By Myrna M. Velasco
The Department of Energy (DOE) is being prodded to convene the National Biofuels Board (NBB) so the government can firm up decision to increase the blend of coco methyl ester (CME) to either 4.0 or 5.0 percent as targeted before the end of the Duterte administration.
CME is currently the country’s preferred biodiesel because the main base of production for such alternative fuel is coconut, which is an abundant agri-business produce in the country.
Senator Juan Miguel Zubiri, the principal author of the Philippine Biofuels Act, has been leading the call on the energy department to already lay down decision on jacking up the biodiesel blend from currently at 2.0-percent by volume.
He said local production of CME could viably meet the requirements for a higher blend, and it is just a matter for DOE concretizing a policy decision on that.
“It’s time to convene the Biofuels Board…you have to study if we can go B3 in 2021 and B4 in 2022,” the lawmaker said.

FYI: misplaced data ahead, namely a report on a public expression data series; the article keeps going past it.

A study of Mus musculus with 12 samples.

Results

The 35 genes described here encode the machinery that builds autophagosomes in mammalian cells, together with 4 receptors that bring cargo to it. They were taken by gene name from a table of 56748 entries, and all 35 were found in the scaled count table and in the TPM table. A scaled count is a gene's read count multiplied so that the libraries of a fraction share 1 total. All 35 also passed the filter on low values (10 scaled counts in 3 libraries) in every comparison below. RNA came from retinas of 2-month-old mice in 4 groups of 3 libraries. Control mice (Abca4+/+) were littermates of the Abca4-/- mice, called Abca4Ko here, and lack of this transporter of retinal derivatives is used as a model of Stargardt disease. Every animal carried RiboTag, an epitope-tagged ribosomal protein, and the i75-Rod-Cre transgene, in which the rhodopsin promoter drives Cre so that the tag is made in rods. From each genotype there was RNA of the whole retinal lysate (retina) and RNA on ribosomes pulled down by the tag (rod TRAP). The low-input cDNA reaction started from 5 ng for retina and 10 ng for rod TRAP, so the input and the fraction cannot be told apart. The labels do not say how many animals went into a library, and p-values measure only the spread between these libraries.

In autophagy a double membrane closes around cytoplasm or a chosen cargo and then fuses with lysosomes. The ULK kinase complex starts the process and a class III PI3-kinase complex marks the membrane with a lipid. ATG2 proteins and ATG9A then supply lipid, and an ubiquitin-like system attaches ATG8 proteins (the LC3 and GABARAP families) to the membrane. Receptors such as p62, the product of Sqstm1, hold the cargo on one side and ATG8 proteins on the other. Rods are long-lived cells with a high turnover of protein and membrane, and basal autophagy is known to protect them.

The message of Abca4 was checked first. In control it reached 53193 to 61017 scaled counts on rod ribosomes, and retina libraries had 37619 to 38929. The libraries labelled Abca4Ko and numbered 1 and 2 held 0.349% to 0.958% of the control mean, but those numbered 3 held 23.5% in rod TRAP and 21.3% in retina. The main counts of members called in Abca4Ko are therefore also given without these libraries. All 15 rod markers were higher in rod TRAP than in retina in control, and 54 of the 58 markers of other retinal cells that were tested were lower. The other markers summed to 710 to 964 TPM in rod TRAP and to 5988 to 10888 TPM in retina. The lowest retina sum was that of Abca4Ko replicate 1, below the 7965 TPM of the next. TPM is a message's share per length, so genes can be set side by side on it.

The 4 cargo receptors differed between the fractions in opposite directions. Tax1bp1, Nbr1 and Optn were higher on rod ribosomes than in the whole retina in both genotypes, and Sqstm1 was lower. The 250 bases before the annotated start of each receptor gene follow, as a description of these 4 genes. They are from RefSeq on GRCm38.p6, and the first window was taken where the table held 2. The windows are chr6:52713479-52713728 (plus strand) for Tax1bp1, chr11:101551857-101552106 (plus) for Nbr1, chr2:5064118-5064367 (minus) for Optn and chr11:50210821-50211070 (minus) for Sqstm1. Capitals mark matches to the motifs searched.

Energy Undersecretary Donato D. Marcos said the last time the NBB was convened had been three months ago, purposively to “continuously study” the propounded increase in the biodiesel blend to fuel products.
Nevertheless, Energy Secretary Alfonso G. Cusi has sounded off that it is not an easy judgment for them to instantaneously increase the blend because this could redound to P0.04 per liter increase in the cost of diesel if the CME mix by volume is doubled.
Zubiri argued that consumers are now used to the weekly adjustments in prices at the pumps – that at times could even spike as high as P1.00 to P2.00 per liter, hence, the P0.04 per liter cost climb for higher biodiesel blend may no longer ignite opposition especially if the government could fully explain that this will be for the benefit of the Filipino farmers.